Allow normal user accounts to install packages

Q I sysadmin a number of machines with various distros installed on them. For network security reasons, we tend not to give users privileged accounts (neither root nor sudo). However this can be a pain if they require a new package - they have to request that IT-support (me and my small team) install it for them. Is there a way, perhaps an option in dpkg or similar, that would allow a non-privileged user to install a package (RPM or Deb) into their local userspace tree without requiring rights elevation?

A While it is possible to tell RPM to install elsewhere by using the --prefix argument, this is not without problems. Firstly, you still need access to the RPM database, which requires root access. You could get around that by setting up a wrapper script that runs rpm --prefix=/home/user/local --otheroptions and adding an entry to /etc/sudoers to allow that script to be run with sudo. That way users can run your script but not RPM directly. However, this leads to a more serious problem, as many packages are not relocatable and have to be installed to the path that was given when they were compiled. At best, RPM will refuse to use --prefix with such packages. Similar problems arise with Debs or any package containing files that have been compiled to run from a particular location and, more importantly, look for libraries and configuration files in particular locations.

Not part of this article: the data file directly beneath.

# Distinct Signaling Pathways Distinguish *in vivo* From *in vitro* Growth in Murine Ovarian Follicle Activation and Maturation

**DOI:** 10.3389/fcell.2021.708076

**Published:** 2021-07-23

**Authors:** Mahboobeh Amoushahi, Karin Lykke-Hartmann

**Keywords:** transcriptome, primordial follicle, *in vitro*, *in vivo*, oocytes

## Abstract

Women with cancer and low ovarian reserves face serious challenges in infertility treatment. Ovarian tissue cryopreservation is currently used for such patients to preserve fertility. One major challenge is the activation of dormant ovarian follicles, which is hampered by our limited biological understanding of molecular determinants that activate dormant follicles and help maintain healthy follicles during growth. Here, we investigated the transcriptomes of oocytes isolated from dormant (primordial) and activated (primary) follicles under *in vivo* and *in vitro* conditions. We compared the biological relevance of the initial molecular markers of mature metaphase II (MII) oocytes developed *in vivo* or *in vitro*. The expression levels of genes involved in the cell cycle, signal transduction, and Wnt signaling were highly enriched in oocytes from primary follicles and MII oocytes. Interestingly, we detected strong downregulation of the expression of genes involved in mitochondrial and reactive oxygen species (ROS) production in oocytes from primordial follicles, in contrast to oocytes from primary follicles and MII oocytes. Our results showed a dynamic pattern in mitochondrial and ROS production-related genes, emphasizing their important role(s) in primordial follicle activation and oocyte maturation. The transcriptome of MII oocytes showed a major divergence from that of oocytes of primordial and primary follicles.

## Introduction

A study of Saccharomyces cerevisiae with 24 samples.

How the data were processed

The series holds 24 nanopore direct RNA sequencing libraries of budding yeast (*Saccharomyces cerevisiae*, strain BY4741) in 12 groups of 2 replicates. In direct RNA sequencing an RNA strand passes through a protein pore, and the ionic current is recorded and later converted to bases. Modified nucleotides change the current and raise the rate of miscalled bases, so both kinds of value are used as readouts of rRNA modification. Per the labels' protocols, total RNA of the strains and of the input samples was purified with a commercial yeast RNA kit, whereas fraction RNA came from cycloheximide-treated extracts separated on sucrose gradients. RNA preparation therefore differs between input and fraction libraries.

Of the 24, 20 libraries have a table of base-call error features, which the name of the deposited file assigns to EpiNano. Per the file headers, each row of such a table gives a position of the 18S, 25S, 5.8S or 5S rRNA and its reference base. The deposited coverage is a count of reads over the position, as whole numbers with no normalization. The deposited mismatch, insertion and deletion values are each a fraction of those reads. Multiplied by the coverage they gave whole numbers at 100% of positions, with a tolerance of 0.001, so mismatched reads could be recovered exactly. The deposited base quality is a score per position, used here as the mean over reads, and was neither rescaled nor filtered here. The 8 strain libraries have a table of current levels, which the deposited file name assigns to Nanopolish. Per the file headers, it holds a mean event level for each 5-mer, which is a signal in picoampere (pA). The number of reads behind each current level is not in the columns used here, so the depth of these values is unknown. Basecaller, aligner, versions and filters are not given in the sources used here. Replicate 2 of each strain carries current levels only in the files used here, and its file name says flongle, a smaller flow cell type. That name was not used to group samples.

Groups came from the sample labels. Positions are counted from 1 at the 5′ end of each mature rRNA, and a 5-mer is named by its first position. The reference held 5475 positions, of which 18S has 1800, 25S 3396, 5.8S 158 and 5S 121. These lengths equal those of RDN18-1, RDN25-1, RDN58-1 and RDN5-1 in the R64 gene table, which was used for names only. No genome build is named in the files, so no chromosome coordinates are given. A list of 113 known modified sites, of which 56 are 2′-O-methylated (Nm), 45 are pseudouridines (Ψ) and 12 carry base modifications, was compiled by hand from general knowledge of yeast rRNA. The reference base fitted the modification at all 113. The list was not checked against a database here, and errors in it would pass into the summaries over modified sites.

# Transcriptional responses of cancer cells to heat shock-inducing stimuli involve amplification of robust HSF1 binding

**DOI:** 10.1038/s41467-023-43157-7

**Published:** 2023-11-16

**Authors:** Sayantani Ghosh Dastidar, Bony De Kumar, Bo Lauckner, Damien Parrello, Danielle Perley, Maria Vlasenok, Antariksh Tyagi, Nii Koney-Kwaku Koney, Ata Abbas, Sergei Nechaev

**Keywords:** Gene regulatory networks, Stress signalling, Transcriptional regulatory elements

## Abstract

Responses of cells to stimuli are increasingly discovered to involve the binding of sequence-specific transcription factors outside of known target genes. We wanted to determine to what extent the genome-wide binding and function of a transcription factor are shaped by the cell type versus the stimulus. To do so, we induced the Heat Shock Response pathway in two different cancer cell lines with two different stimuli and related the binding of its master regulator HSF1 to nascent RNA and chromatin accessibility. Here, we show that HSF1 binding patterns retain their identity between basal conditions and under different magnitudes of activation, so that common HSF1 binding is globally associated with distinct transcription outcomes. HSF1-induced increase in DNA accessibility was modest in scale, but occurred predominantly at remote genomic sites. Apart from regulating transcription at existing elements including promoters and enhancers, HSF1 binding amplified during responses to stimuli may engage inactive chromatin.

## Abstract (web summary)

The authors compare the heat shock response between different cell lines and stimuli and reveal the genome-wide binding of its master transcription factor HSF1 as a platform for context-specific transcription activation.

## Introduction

One option is for your users to build the programs they want from source. This sounds like more work than it is as you could have a installation script that handles the vast majority of cases. All it needs to do is unpack the tarball, cd to the working directory, run configure with the correct options, then run make and make install. Something like this:

tar xf "$1"
cd $(tar tf "$1" 2>/dev/null | head -n 1)
./configure --prefix $HOME/local && make && make install

The cd line may look odd, but it's just listing the tarball to grab the first item, which is the directory the rest of the tarball unpacks into. Then it changes to this directory and runs the usual autotools commands, but with the installation prefix set to $HOME/local. All the files will be included in directories under here, so you'll need to add ~/local/bin to the users' paths. Alternatively, use --prefix=$HOME, which will install to directories like bin, lib and share in the user's home directory.

If you only allow users to install certain programs, you could create your own RPM and Deb packages, which would involve getting the source packages, changing the spec files to install to a non-privileged directory and rebuilding. Unfortunately, however you approach this, there will be some administrative and support work involved. Alternatively, if you are comfortable with users installing to the system directories, you could give them restricted sudo access - say to allow them to install software but not remove it.